Why is agriculture labor reform critical to the apple industry?

Apple production – growing, pruning, harvesting, and packing – is highly labor intensive. The apple industry is heavily dependent on migrant labor, H-2A, and H-2B workers to grow, harvest, pack and process apples and apple products.

The past several years have seen great uncertainty within the apple industry as to whether there will be sufficient labor to harvest the crop or grow operations. Every year, growers from coast to coast, large and small, report worker shortages. In response to these labor uncertainties, an increasing number of apple growers have turned to the H-2A agricultural guest worker program. Despite H-2A being complicated, expensive and increasingly unreliable, the need is so great the number of H-2A workers has doubled in the past five years. That trend is expected to continue.

This increase has added to existing capacity problems at the Departments of Labor and State, and as a consequence, workers have been delayed. For a perishable crop like apples, the delay of even a few days waiting on harvest workers can make the difference between a profit and a loss. A stable, legal and reliable workforce is critical if we are to continue to have a vibrant domestic apple industry.

Why enforcement-only legislation doesn’t work:

Enforcement-only legislation, such as mandatory E-Verify, without broader reforms would have a devastating effect on the apple industry. Every farm worker engaged in high-value labor-intensive crop production sustains three or more local, off-farm (but agricultural dependent), year-round jobs. Losing our foreign-born workforce would have the same economic impact on these communities as factories closing and moving to other countries. Therefore, passing legislative reforms that address both the current and future flow of workers is the industry’s top priority.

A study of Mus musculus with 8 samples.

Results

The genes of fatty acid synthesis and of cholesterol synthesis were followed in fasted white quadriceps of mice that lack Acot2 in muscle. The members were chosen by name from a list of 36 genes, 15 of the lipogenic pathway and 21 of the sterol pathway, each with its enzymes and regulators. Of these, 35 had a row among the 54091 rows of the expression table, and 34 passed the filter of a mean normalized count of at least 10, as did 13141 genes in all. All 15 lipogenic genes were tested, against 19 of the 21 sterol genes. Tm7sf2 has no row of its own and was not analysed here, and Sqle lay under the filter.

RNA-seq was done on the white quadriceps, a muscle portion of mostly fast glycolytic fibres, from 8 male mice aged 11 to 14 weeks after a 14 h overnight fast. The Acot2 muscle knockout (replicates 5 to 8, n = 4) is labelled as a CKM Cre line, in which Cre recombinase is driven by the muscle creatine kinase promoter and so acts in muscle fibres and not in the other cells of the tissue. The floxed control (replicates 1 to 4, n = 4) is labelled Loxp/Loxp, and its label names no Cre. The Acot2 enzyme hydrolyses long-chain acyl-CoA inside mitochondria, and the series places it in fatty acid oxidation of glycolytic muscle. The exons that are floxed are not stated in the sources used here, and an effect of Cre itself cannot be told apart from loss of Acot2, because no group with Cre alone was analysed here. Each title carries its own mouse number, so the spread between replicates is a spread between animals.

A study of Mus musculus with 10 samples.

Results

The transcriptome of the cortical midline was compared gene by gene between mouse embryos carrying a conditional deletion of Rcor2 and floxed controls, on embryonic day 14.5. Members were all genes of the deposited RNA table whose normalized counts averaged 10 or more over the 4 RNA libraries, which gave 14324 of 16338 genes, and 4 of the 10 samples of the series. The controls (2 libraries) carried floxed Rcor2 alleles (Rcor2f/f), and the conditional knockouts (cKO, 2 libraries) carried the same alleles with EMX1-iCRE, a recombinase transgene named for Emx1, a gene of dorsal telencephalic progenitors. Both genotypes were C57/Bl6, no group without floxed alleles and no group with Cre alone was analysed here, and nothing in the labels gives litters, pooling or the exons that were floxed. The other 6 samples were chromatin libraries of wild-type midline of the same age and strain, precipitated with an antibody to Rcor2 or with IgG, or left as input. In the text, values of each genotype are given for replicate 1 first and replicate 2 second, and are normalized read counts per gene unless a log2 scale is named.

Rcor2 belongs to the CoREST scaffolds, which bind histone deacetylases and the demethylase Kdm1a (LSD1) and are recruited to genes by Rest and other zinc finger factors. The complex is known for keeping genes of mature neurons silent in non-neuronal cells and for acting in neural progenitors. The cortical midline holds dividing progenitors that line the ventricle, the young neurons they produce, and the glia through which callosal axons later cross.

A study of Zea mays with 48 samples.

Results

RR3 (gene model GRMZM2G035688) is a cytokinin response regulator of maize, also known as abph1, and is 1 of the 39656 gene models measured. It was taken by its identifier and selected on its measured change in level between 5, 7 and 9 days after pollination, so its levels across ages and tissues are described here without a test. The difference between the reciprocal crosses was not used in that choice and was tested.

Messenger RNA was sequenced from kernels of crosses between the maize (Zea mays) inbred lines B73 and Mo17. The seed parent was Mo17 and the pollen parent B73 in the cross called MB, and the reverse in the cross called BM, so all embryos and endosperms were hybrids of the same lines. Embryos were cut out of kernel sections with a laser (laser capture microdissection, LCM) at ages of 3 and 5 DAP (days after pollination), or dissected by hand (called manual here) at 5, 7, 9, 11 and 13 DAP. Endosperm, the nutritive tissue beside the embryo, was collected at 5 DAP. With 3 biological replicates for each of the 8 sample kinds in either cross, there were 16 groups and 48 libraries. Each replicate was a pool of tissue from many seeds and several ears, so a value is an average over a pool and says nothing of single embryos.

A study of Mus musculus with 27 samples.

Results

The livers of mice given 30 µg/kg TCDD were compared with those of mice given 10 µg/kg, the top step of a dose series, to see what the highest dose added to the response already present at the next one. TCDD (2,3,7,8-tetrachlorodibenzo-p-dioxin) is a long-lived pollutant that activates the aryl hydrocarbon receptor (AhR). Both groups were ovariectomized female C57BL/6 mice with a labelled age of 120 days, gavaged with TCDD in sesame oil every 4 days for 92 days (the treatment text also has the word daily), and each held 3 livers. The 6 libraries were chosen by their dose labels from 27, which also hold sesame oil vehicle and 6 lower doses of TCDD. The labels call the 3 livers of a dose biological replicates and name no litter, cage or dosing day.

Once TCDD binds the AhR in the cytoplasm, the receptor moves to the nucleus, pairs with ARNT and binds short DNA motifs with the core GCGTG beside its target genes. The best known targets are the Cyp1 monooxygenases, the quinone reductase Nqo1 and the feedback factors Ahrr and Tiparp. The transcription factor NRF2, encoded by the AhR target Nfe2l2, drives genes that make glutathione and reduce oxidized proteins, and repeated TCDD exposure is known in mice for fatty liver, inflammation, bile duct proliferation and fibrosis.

Both components must be passed in tandem because even a reformed H-2A program will not immediately have the capacity to service the number of workers that are needed. The current H-2A program provides about 15 percent of the workers needed to sustain labor-intensive agriculture, including dairy, tree fruit and dozens of others.

USApple Position:

USApple opposes enforcement-only legislation, such as E-Verify, unless it contains viable agricultural labor provisions that address both the current and future workforce. We urge Congress to pass legislation that provides meaningful agricultural labor reform and meets the following objectives:

  1. Provides a stable, adequate and predictable supply of agricultural labor capable of participating legally in the U.S. workforce;
  2. Replaces or significantly reforms the H-2A program; and
  3. Addresses the high level of wage rates in the H-2A program, simplifies the program and provides legal reform to remove unreasonable employer sanctions and regulatory burdens.